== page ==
A unique, worldwide tool
The Atlas of MS is unique in that it is not a standard review of the published literature, but instead seeks to reach out to every country in the world asking them to provide the most up-to-date information on MS.
The Atlas of MS aims to bring together…
The Atlas of MS aims to bring together all available information on MS epidemiology and healthcare accessibility in an open-source data set. This gives us a more complete understanding of the burden of the disease and provides useful insights on how it varies across the world.
The first Atlas of MS – published in 2008 as a joint project by MSIF and the World Health Organization – was one of the most globally cited resources on MS.
The 2013 edition aimed to update the data and has been used to inform research initiatives as well as for campaigning and advocacy. This 3rd edition is in two parts:
Part 1: Epidemiology
Focused on the number of people with MS, how this varies across the globe, as well as demographic data such as age and gender.
Part 2: Clinical management of MS
Looks at the clinical management of MS and places particular emphasis on the barriers to accessing healthcare and disease modifying treatments.
The data for the Atlas has been collated via a large international study with the data collection for epidemiology taking place between September 2019 and April 2020. 3 new countries were added December 2021 and data updated for 2 others.
What the questionnaire covered
The questionnaires were available in English, French and Spanish.
- The epidemiology survey covered the number of people with MS (prevalence), the number newly diagnosed with MS each year (incidence), average age of diagnosis, type of MS at initial diagnosis and national patient registries.
- The clinical management survey focused on the the following topics: diagnostic criteria used, barriers to diagnosis, types of disease modifying therapies used and barriers to accessing them, symptomatic therapies and rehabilitation, numbers of health care professionals, national guidelines and standards for MS diagnosis and treatment.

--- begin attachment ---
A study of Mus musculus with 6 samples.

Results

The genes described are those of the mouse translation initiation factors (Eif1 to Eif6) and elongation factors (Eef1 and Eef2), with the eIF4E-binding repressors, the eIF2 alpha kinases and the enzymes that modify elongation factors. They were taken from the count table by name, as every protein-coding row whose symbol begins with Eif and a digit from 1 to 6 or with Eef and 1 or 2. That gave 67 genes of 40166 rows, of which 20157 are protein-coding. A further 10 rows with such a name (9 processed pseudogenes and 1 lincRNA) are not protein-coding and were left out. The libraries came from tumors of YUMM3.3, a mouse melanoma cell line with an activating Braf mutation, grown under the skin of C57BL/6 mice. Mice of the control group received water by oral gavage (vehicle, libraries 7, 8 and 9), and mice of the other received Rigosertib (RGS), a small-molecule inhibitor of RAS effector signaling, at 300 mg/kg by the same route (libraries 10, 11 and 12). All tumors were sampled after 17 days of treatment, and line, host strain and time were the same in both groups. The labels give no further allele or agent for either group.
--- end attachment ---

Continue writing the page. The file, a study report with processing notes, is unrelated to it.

Identifying expert country coordinators
Country coordinators were identified in 138 countries to be the focal point for gathering the relevant information in each country, making use of all possible sources of information and collaborating with other experts where possible/necessary. Typically, they were representatives from patient organisations, neurologists, epidemiologists or researchers.
Countries that didn’t take part
The remaining nations of the world (80) did not have an identified coordinator or did not agree to participate – these tended to be countries without patient organisations or where neurologists could not be identified or those with small populations.
Experts in 118 countries responded to the epidemiology module representing 87% of the world population. Response was slightly lower for the clinical management survey, with experts in 107 countries responding, representing 82% of the world population.
Participating countries are highlighted in the map below
The Atlas of MS is one of the most comprehensive global data sources on the epidemiology and clinical management of MS, but it still has some limitations.
• Direct comparisons with previous data are difficult: Our global prevalence calculation methods have varied across editions as we strive to improve the accuracy. The number of countries participating varies, as does the proportion of the population covered in each region/income band. Additionally the treatment landscape has changed dramatically since the previous updates.
• Availability and quality of epidemiological data can vary considerably across countries. In addition few peer-reviewed publications exist on the availability of and access to MS diagnosis and treatment. To build a comprehensive picture of healthcare in different countries, we therefore relied on the expert opinion of clinicians or specialists with knowledge of that country. To improve confidence in the data collected, we asked country coordinators to collaborate with other experts when submitting answers to the survey and to report data sources if available.
• Although there are improvements in the number of countries providing data, there are still significant gaps in our knowledge (particularly from low income and African countries). We hope that the Atlas of MS will stimulate new and rigorous surveillance within countries and across the globe.
• It is challenging to separate ‘availability’ from ‘access’ – although the data indicates if diagnosis, healthcare professionals and therapies are available within a country, this doesn’t mean that these can be accessed by every person living with MS. Availability can vary considerably within a country and access is affected by other factors.
• Furthermore, the vast majority of our data collection took part prior to the start of the COVID-19 pandemic and therefore the access barriers we have highlighted are likely to have been exacerbated by the current situation.
For more information
Please download our full reports, our open-access epidemiology paper published in the Multiple Sclerosis Journal, the full data sets, other documents and tools or review our Atlas question and answer pages.